While news of the 100-gigabit pipeline
servicing the Health-Tech Corridor was widely reported, the area's fiber optic network at large continues to grow byte by byte, however quietly.
Thus far, OneCommunity
, the nonprofit on a mission to realize a sprawling fiber optic network across Northeast Ohio, and its for-profit counterpart Everstream
, have installed 2,500 miles of fiber optic cable throughout 24 counties across the region. With the announcement of four Big Gig Challenge grants last month, the organization is reaching out even further than that, to both commercial and non-profit entities.
The four inaugural Big Gig Challenge
grantees include the West 25th
Street corridor, the village of Glenwillow, Lorain County Community College (LCCC) and the City of South Euclid. OneCommunity will be matching funds in the amount of 25 percent for each respective fiber optic network installation or expansion.
The West 25th Street project
will bring lightning speed data delivery to customers choosing to tap into the new network along a four-mile stretch servicing Ohio City, Tremont, Clark-Fulton, Brooklyn Centre and Old Brooklyn. South Euclid's project
will focus on the South Green Road corridor. The Village of Glenwillow
will expand their existing fiber optic networks.
"A business might need water, electric and gas," says OneCommunity's chief operating officer and Everstream president Brett Lindsey. "Fiber is that fourth thing they care more about than anything else because business demands it in such a significant way. Someone will move or look at one site over another based on its proximity to a fiber network."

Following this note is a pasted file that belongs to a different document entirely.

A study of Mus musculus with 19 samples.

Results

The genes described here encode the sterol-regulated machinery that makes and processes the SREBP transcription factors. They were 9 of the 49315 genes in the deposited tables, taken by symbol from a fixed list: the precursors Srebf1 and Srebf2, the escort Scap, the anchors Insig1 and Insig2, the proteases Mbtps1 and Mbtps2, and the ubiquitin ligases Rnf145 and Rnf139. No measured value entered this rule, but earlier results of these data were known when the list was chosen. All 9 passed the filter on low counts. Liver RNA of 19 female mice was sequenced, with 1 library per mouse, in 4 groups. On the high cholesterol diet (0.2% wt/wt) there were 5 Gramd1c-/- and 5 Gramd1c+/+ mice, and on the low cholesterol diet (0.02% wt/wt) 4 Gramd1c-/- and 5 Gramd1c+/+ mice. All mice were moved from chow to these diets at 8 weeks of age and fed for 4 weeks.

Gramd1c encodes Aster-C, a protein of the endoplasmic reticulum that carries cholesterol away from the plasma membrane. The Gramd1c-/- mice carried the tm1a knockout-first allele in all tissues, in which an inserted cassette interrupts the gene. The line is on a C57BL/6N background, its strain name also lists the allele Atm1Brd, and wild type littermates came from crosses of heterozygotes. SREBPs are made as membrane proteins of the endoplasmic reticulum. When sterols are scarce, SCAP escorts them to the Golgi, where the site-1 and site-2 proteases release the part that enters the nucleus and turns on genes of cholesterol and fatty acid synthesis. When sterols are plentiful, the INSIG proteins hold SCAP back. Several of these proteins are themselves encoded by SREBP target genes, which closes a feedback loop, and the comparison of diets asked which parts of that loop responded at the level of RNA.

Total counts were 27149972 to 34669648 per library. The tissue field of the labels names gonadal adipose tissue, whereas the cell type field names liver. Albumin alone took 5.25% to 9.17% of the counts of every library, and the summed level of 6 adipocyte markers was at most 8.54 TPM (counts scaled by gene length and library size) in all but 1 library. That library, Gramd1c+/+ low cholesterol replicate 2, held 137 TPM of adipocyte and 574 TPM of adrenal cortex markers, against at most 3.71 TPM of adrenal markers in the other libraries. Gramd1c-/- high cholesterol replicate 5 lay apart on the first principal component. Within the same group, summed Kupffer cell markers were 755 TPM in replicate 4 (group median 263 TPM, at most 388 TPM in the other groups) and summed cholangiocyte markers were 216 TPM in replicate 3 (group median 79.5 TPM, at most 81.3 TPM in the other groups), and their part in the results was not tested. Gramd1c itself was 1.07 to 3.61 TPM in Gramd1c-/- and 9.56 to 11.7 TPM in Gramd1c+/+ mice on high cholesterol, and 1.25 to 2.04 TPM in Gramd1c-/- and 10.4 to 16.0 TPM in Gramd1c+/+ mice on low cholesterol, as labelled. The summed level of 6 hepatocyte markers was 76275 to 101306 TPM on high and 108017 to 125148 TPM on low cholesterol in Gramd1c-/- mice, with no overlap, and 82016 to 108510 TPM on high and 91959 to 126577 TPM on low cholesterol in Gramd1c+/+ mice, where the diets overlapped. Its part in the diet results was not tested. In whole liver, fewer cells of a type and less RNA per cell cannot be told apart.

Specific plans for the projects, all of which Lindsey estimates to be in the $200,000 range, are underway and should be finalized within 60 days. Subsequent construction should take three to four months. The bulk of the projects will be aboveground installations with some underground work slated for Glenwillow.
"By having this ubiquitous network across the region," says Lindsey; "it really is a business attraction tool for everyone. I think that's kind of been the goal from the beginning."
OneCommunity has earmarked $2 million for Big Gig Grants. Lindsey hopes the four inaugural projects, which were selected from an initial pool of about 12, will ignite creativity for future grant applicants.
"Hopefully when we roll out our next Big Gig Challenge," he says, "we'll get 20 people filling out letters of intent and we'll give 10 awards if that's possible."
Considering information travels approximately one thousand times faster through a fiber optic network than through coaxial cable or a DSL phone line, those grants offer endless possibilities.
"It's almost limitless when you consider what people can do once they have fiber," says Lindsey. "There's really no end in sight."